How to Print a Web Page Without Ads from Mac OS
If you ever print articles from the web, you may be interested in learning how to print a stripped down and more simplified version of articles so that only the article content is printed. This is made easy on a Mac with Safari, where by using a little trick you can print out a webpage article with a focus on the page content exclusively, thereby preventing you from also printing out various other page elements like advertisements, logos, buttons, widgets, polls, social media details, crazy layouts and formatting, and other information that is not particularly worthwhile to print to paper. The end result is a simplified printed article that is focusing only on the article content and article pictures, without any extraneous details or complex layouts; instead you’ll get just a nice simple and clean article printed out with text and images.
Another added bonus to this slimmed down article printing approach is that you can save a bit of printer ink and printer paper too, since unwanted or unnecessary content won’t be printed out with the article.
This approach to printing out simplified versions of webpages will use Safari Reader mode in Mac OS, it works the same in MacOS or Mac OS X and with any vaguely modern version of Safari as long as it has Reader support.
How to Print Web Page Articles Without Ads or Other Unwanted Content from a Mac with Safari
Here’s how to print any article from the web in simplified form, focusing just on the text and images within the article itself and stripping away other data:
- Open Safari on the Mac if you have not done so already, then visit the web page or article you wish to print a simplified version of (you can try it yourself with this article you are reading now if you’d like!)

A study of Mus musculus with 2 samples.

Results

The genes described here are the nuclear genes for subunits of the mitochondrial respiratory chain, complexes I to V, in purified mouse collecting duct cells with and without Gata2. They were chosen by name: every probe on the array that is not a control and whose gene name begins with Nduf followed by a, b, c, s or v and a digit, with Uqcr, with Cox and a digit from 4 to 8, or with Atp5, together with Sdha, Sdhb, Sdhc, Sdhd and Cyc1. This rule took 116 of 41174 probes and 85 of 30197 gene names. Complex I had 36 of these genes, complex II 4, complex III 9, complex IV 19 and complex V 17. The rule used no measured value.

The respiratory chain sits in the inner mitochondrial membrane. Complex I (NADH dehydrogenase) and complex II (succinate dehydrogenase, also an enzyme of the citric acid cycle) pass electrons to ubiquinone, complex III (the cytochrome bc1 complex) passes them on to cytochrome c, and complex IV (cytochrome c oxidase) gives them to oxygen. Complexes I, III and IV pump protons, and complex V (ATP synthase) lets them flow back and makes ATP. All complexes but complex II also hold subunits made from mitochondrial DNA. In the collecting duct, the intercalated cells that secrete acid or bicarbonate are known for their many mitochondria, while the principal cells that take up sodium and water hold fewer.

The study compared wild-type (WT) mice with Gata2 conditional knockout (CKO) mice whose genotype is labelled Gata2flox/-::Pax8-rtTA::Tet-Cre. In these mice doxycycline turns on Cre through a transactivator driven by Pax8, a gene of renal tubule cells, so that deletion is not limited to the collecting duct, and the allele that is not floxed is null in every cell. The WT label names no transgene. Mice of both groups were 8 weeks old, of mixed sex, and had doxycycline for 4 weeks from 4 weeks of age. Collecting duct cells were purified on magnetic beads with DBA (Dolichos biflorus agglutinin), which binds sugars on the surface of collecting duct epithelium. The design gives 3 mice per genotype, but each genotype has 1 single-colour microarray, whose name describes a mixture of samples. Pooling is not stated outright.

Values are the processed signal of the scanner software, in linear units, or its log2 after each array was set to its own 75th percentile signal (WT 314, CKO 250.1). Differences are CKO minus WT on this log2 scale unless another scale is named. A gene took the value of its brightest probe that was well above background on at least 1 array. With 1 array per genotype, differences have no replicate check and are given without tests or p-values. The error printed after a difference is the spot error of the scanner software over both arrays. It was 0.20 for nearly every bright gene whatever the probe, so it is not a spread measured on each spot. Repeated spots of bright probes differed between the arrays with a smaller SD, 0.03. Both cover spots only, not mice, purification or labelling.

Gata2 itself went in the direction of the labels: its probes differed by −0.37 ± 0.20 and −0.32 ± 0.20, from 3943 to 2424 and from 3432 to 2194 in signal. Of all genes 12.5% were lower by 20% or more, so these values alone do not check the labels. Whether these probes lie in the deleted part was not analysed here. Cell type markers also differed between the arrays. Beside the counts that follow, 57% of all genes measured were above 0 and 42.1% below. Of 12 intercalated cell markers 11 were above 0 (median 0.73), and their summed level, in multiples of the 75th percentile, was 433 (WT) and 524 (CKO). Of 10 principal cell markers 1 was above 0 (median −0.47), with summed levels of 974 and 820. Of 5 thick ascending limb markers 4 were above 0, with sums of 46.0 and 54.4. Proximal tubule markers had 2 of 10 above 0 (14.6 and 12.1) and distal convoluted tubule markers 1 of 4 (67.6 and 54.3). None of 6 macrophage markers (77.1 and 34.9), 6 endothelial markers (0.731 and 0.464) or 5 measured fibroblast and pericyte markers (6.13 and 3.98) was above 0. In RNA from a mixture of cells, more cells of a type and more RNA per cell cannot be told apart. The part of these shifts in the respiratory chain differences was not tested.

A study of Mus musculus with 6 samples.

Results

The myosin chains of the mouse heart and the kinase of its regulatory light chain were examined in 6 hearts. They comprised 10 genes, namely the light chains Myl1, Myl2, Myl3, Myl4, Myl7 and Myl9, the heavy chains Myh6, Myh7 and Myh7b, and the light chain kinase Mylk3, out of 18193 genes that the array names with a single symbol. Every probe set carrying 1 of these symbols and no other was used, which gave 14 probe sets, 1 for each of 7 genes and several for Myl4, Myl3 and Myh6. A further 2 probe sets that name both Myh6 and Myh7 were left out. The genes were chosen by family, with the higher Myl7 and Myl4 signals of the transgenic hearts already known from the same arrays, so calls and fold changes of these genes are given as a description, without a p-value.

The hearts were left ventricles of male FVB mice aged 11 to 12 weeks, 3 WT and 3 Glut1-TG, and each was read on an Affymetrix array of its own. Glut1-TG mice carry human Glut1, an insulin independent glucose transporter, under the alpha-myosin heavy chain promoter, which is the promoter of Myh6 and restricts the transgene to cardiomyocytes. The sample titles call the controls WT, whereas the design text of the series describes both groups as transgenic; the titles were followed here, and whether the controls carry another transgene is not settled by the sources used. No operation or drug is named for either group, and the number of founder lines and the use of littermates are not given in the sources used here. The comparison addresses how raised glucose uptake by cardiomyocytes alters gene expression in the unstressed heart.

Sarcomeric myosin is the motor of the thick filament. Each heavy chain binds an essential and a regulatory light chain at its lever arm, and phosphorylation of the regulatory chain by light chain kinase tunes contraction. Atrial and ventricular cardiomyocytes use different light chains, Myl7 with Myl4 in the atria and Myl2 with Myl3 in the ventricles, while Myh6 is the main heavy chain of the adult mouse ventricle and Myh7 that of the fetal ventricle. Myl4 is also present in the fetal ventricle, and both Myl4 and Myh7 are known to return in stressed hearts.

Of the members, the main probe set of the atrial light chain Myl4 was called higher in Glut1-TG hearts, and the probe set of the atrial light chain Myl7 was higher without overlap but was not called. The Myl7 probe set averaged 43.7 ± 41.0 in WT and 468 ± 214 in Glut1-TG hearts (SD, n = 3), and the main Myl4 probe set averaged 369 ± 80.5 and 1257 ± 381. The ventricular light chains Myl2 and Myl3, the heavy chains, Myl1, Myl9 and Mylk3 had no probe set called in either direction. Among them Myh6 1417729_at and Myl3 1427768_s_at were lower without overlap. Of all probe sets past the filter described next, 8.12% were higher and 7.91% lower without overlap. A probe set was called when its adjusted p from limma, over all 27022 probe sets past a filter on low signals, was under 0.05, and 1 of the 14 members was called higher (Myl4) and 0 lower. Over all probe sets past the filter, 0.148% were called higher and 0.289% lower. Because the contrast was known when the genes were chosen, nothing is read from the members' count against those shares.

- Click on the reader button in the URL bar of the web page to enter into Reader mode (alternatively, you can pull down the “View” menu and choose “Show Reader”)
- The article web page will be redrawn into Reader mode, which offers a simplified viewing and reading experience
- Now pull down the “File” menu and choose “Print” as usual to print the article or web page
- At the Print window, adjust any other printing settings as necessary, and optionally but recommended choose “Print Headers and Footers” so the printed version includes the original web page title and URL, and then choose “Print”
Now what is printed is will be the simplified “Reader” version of the article or web page, which strips out all content from a web page that is not directly related to the content text and content images.
You can also use this same approach to create simplified versions of web pages and articles to print to PDF from a Mac, which will generate a stripped down content-centric version of the web page or article just the same, except it will be saved as a PDF file instead.
Bonus Tip: Customize Reader Before Printing
Another nice bonus tip to combine with this; you can change the Safari Reader appearance and font too to make it even more suitable to your preferences before printing.
Printing an Article from Reader vs Default
Here’s an example of a webpage article printed out as usual from Safari, and the same webpage article printed out from Reader mode (these are just screenshots of PDF files but you get the idea).
In a typical article printed out from Safari, you’ll also be printing out other page data, including layouts, logos, links, ads, sidebar, and other information that just isn’t necessary to print out:
Compare that to a Reader version of the same article printed out from Safari, where the article has been stripped down into a simplified version with no layouts, logos, ads, links, sidebars, and other data:
The “Reader” version of a printed page in this case ends up using one less page of paper, and it would likely use less ink as well since there is simply less data being printed out.
This is a great trick but do keep in mind that most websites are supported by advertisers and run banner ads on webpages to fund their operations, and those efforts are circumvented by Reader mode. But, for printing out articles, it makes perfect sense for wanting to print out a simplified version of a webpage, particularly since it will reduce ink and paper usage. This makes Reader Mode in Safari particularly helpful for printing out articles and web pages, and it works on basically every website you’ll find on the web that has article type content, whether it’s news, blogs, tutorials and walkthrough guides, recipes, instructions, or just about anything else in article format. Happy printing!